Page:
NEW YORK (CNNMoney) -- JPMorgan said Friday that it plans to keep expanding, even as its latest quarterly earnings took a big hit from losses in investment banking and trading.
"No we are not pulling back" said CEO Jamie Dimon on a conference call, following the release of the company's quarterly earnings.
In fact, Dimon reiterated plans to build out JPMorgan's branch network, particularly in Florida and California.
The outlook for the banking sector as a whole has been clouded by the sluggish economy, ongoing problems in the housing market and a host of new government regulations that could hit banks' most profitable business lines.
JPMorgan said it earned $3.7 billion, or 90 cents per share, in the final three months of 2011. The results were in line with estimates but down 23% from $4.8 billion, or $1.12 per share, in the same period a year ago.
Despite a troubled fourth quarter, JPMorgan's net income rose 9.2% in 2011 to $19.2 billion, or $4.48 per share, from $17.4 billion, or $3.96 a share, in 2010.
As JPMorgan is the first of the major banks to report earnings, its results and Jamie Dimon's pronouncements are typically seen as harbingers of how its competitors will fare.
Skittish investors also remain focused on Europe's debt problems and banks' exposure but Dimon said "not much has changed" for JPMorgan from October, when it revealed $15.1 billion in net exposure to the five most troubled European economies -- Greece, Portugal, Ireland, Italy and Spain.
Meanwhile, Dimon praised the effects of the European Central's Bank's Long Term Financing Operations, which has pumped some €500 billion worth of 3-year loans into the banking system last month.
It was a rare piece of praise for a governmental or international banking body from Dimon, who used any opening to criticize U.S. and international banking regulators including the Dodd-Frank Wall Street Reform Act and the rules of the international Basel Committee.
Dimon used populist rhetoric to launch an attack on the Volcker Rule, which puts limits on banks ability to use their own funds to conduct trades, saying it would hamper the supply of funding in global markets for business activities like hiring and even Americans' ability to save for retirement.
"If you lose liquidity and market makers, it will cost retirees, pensioners, and the military more money to invest their money," said Dimon, urging Congress to be "careful not to destroy that."
JPMorgan's results spooked investors Friday. Shares of JPMorgan (Fortune 500) fell about 3% Friday. Bank of America ( , Fortune 500), Goldman Sachs ( , Fortune 500), Morgan Stanley ( , Fortune 500), and Citigroup ( , Fortune 500) all dropped about 2%.,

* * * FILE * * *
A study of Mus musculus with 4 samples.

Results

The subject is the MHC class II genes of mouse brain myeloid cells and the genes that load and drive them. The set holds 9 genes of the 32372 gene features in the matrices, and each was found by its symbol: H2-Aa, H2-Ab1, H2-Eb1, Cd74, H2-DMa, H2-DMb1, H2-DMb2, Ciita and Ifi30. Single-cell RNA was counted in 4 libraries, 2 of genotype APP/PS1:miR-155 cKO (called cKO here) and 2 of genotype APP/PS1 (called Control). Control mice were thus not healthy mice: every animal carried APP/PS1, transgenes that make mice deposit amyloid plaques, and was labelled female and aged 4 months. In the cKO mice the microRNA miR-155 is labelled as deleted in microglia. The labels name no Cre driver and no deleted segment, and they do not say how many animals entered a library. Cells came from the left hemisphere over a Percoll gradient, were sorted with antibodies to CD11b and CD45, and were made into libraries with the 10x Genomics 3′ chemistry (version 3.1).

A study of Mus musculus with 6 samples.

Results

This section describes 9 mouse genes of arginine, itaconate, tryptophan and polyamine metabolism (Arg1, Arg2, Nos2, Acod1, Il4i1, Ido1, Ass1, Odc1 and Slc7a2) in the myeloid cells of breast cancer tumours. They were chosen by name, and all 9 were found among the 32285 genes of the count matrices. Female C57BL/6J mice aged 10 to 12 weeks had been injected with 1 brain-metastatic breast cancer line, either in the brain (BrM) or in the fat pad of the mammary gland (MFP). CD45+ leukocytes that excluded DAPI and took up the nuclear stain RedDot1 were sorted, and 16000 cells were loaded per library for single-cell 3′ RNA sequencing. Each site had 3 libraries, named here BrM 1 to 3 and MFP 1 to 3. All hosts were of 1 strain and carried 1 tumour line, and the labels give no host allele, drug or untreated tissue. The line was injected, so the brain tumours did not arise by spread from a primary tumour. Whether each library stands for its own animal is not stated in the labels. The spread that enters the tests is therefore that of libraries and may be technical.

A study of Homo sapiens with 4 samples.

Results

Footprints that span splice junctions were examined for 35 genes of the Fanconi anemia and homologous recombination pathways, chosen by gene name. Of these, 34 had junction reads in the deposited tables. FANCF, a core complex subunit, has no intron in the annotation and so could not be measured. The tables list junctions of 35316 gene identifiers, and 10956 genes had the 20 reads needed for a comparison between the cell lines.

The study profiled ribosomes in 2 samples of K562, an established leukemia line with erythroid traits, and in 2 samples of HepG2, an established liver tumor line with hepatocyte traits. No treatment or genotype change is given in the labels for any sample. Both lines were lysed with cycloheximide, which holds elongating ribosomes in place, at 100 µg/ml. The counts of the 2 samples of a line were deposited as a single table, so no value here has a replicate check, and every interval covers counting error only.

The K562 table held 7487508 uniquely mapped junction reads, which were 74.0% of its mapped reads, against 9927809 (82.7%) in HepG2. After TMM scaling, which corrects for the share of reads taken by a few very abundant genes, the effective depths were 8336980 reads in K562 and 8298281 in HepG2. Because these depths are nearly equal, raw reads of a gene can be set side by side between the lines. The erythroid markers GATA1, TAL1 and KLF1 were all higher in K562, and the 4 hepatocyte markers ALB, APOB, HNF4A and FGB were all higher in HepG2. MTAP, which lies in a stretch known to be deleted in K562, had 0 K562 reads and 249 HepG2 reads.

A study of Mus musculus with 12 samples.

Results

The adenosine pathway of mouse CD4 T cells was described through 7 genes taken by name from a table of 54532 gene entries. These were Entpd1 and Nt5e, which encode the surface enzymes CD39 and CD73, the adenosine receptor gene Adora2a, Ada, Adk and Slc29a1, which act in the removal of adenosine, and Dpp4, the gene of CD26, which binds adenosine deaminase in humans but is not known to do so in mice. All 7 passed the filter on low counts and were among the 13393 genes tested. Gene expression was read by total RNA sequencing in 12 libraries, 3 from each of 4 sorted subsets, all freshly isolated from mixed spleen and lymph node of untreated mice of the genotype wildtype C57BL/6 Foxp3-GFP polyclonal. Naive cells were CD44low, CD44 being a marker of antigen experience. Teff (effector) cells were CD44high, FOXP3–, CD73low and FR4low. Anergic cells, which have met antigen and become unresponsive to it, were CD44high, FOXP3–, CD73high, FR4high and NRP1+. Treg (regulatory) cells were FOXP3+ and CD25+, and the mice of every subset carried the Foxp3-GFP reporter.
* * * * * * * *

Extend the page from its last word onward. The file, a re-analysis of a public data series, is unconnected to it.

JPMorgan by the numbers: Investment banking revenues were down roughly 39% in the fourth quarter 2011 compared to the same quarter in 2010. By comparison compensation for the investment banking division dropped just 9% from 2010. The average salary of a JPMorgan investment banker fell to $341,552 for 2011.
JPMorgan's executives blamed low trading volumes for the drop and emphasized that the company retained the number one position in fee generation among investment banks.
Net income from investment banking fell 52% to $726 million. The drop reflects a $567 million loss related to a narrowing of the spreads between interest rates on certain assets.
Excluding those so-called debit valuation adjustments, or DVA, JPMorgan said its investment banking division would have earned $1.1 billion.
Earlier this year, JPMorgan and other major U.S. banks had benefited from such adjustments.
Net income from JPMorgan's asset management business sank 40% to $302 million in the fourth quarter.
On the bright side, Dimon said the bank is beginning to see signs of improvement in loan demand and credit quality as the economy continues to recover.
"Mortgage underwriting volume will loosen not tighten and the housing market will turn at some point," said Dimon. He wouldn't say when but hinted that it could be at some point in 2012.
JPMorgan said its real estate portfolio lost $11 million in the fourth quarter, compared with a loss of $823 million a year ago.
In addition, the bank set aside $646 million as a provision for losses in its real estate portfolio. That's down from a provision of $2.3 billion in the same period a year ago.